Atheism Doesn’t Mean Anything Else

I’m what most people would refer to as a Dictionary Atheist. I don’t believe in the existence of any god(s) and that’s about it. Although being an atheist is a part of me, I really don’t consider atheism a major influence in my life at all. As I wrote several weeks ago atheism is a conclusion that I came to over time. That conclusion was based on personal experience, as many other atheists have said.

I don’t wake up in the morning, or go to sleep at night with atheism on my mind. It’s a part of my life, but it’s not an overriding principle above everything else.

Unlike believers, I don’t impose myself on others with my non-belief. In fact, maybe only half the people I know, know I am an atheist. The subject just doesn’t come up and the only reason some do know I’m an atheist is that at some point in a conversation, belief did enter into the discourse.

In some circles we’re viewed no differently than any other religion. That’s because there are vocal atheists that want to conflate their atheism with their personal activism that has nothing to do with being an atheist. I reject that view. I honestly think it’s one reason that atheists are viewed so poorly. It’s okay to have political opinions, or social justice views, but those have nothing to do with being an atheist. If someone became an atheist because of one or both of the above, they’re not really an atheist in my opinion. They’re an activist using atheism to further their political/social construct.

Being an atheist should have nothing to do with who we are as a person, overall. I’m not a happy atheist, nor an angry atheist, if any label may be applied to me, it would be content atheist. That’s because I’m perfectly content as to who I am as a person. Atheism just happens to be one part of that person. It doesn’t overwhelm me, changing who I am.

 

8 thoughts on “Atheism Doesn’t Mean Anything Else

  1. I’m an atheist who knows the pitfalls in the Bible. The very first of which is in Genesis and it goes on from there. Who were those people east of Eden in the land of Nod?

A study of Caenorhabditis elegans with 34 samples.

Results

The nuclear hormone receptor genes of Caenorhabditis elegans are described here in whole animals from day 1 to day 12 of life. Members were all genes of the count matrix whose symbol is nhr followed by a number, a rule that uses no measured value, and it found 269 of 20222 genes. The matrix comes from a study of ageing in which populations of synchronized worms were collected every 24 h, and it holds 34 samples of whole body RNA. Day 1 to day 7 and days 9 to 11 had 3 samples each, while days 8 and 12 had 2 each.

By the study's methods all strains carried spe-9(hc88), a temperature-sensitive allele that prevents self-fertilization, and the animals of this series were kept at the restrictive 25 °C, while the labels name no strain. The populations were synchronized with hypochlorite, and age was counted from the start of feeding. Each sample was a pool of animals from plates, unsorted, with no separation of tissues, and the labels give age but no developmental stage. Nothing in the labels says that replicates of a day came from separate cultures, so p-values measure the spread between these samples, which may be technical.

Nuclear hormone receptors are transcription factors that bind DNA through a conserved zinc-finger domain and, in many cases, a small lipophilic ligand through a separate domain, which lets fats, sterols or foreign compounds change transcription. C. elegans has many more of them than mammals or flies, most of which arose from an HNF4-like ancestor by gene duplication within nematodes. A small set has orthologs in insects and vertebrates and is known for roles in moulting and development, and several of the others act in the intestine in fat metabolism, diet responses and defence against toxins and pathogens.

2. Some thoughts which so exactly mirror mine, but do so far more elegantly than I could, and which I shamelessly plagiarize;
    Skepticism is my nature.
    Free thinking is my methodology.
    Agnosticism is my conclusion.
    Atheism is my opinion.
    Humanitarianism is my motivation.
    ‘Faith’ is what adults call ‘pretending.’

  3. While I agree in part with your conclusion, I have trouble with your apparent criticism of activists, or what I might call militant atheists. When people push back against religious (under god in pledge, prayer in school, in god we trust on money, taxes, etc.) theocracy, that does not grant you accuracy with “they’re not really an atheist in my opinion.” If they do not believe in god, they really are atheists, regardless of what you think. Check the title of your own post, which is correct.

  4. I’m perfectly okay with people attempting to persuade others to adopt humanism and the social justice values that often accompany it, but I agree that this has nothing to do with atheism. I honestly think the atheism+ stuff would have been far more successful if they had labeled it humanism and been able to refrain from demonizing those who didn’t embrace it. I am an atheist who happens to think that the pursuit of social justice is often a good thing, but I’m not going to conflate the two.

  5. I am an igtheist insomuch as I think the whole question is nonsensical and would not otherwise even care. However—and this is where the vocal atheism comes into play—, many laws, regulation, and mores are based on the premise of a god, gods, some universal force, or whatever. And some of these interfere with what otherwise would be my liberty, if only hypothetically. For example, abortion, capital punishment, prostitution, and pornography laws all derive from some religious source.

    Get rid of this infusion of corruption, and I’ll go back to being an igtheist because it just won’t much matter.